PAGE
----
United States of America, Plaintiff-appellee, v. Leo Edwards, Defendant-appellant, 4 F.3d 994 (6th Cir. 1993)Annotate this Case
Before: MARTIN and SUHRHEINRICH, Circuit Judges, and CELEBREZZE, Senior Circuit Judge.
This case has been referred to a panel of the court pursuant to Rule 9(a), Rules of the Sixth Circuit. Upon examination, this panel unanimously agrees that oral argument is not needed. Fed. R. App. P. 34(a).
This is a direct appeal of a criminal conviction. Leo Edwards was convicted after a jury trial of one count of conspiracy to distribute cocaine in violation of 21 U.S.C. § 846. The court sentenced Edwards to a forty month term of imprisonment and this appeal followed. The parties are represented by counsel on appeal and have briefed the issues. In addition, all parties have agreed to waive oral argument.
The evidence adduced at trial reflects the following: On April 30, 1987, a cocaine sale took place in a house located at 6673 St. Cyril Street in Detroit, Michigan. Prior to that date two individuals, Link and Toliver, had contacted the occupant of the house, Roseann Troutman, to inquire about a cocaine purchase. The sale subsequently occurred at the house. Present at the time were Link, Toliver, Troutman, and the defendant Leo Edwards. Two kilograms of cocaine changed hands and the police arrested all present.
Defendant Edwards was indicted for distribution of cocaine and conspiracy to distribute cocaine. At the conclusion of the prosecution's case-in-chief, the district court granted a defense motion of acquittal as to the distribution count. The jury later returned a guilty verdict on the conspiracy count.
Counsel for Edwards raises only one assignment of error on appeal, namely, that there was not sufficient evidence adduced to support Edwards's conviction for conspiracy. This assignment is based on the lack of direct evidence of Edward's actual involvement in the planning or execution of the cocaine sale.
A conviction will not be disturbed on grounds of insufficient evidence if, after viewing the evidence in the light most favorable to the government, an appellate court concludes that any rational trier of fact could have found the essential elements of the crime beyond a reasonable doubt. Jackson v. Virginia, 443 U.S. 307, 319 (1979). This applies whether the evidence is direct or circumstantial, Holland v. United States, 348 U.S. 121, 140 (1954), and it is not necessary that the circumstantial evidence remove every reasonable hypothesis except that of guilt. United States v. Vannerson, 786 F.2d 221, 225 (6th Cir.), cert. denied, 476 U.S. 1123 (1986).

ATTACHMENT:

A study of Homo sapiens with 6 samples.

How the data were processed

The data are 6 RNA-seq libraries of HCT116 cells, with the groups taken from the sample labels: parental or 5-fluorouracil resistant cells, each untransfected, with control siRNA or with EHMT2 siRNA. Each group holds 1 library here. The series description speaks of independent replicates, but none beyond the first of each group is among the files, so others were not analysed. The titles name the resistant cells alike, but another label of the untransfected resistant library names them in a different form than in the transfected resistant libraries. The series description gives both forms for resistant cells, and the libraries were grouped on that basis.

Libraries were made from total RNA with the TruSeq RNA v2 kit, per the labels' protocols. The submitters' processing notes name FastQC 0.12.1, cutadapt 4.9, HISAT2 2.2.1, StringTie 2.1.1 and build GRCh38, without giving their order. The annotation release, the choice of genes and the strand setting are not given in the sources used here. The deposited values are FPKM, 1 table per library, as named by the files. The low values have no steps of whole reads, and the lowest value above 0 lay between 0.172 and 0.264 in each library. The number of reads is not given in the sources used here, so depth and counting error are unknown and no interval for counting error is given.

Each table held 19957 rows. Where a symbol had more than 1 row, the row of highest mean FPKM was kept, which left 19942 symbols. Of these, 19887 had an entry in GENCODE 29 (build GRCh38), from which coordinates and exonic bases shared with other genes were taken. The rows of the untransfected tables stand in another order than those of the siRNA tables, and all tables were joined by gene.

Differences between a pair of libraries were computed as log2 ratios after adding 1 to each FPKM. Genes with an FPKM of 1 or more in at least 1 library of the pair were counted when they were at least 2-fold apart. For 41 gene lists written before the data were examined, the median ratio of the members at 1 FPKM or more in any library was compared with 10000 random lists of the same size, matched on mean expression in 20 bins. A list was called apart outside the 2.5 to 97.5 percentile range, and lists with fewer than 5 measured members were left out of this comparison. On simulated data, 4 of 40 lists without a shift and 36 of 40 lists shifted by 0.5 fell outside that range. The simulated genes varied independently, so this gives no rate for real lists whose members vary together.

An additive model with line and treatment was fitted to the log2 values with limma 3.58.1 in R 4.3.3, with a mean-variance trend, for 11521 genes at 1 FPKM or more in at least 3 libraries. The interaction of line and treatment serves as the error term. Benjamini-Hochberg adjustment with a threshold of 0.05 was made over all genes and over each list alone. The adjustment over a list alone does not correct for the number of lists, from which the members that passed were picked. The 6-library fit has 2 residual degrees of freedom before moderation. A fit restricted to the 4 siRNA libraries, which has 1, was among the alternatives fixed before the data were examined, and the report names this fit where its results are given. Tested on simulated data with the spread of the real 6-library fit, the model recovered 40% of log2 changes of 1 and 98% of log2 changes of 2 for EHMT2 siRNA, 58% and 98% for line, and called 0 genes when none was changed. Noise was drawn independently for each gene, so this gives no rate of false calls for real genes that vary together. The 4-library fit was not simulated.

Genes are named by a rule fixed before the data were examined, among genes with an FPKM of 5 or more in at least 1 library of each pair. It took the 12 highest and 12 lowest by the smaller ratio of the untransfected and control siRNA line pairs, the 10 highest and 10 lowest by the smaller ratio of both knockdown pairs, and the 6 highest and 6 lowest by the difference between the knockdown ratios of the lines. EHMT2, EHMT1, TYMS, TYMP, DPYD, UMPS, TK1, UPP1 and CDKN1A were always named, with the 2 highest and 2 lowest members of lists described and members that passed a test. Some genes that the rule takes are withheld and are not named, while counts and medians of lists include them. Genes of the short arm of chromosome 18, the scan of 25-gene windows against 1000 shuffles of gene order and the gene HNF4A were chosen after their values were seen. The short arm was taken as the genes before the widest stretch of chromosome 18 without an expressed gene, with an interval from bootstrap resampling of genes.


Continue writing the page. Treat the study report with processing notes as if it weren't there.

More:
There is sufficient evidence to support Edwards's conviction under the Jackson standard. The testimony, viewed in the light most favorable to the prosecution, places Edwards at the scene of a drug transaction in the home of a friend (Troutman) for whom he had agreed to "see" about obtaining the cocaine in a previous conversation. Prior to the sale, Troutman picked Edwards up at the airport in an apparent effort to facilitate the drug sale. At the time of the sale, neither buyer expressed surprise nor apprehension at Edwards's presence even though a large quantity of drugs and money were about to change hands. All other parties present at the sale except Edwards denied bringing in the cocaine; Troutman specifically testified that, to the best of her knowledge, there was no cocaine in the house before Edwards arrived. We believe that a juror presented with this evidence could conclude beyond a reasonable doubt that Edwards was part of the underlying drug conspiracy.
Accordingly, the district court's judgment is affirmed. Rule 9(b) (3), Rules of the Sixth Circuit.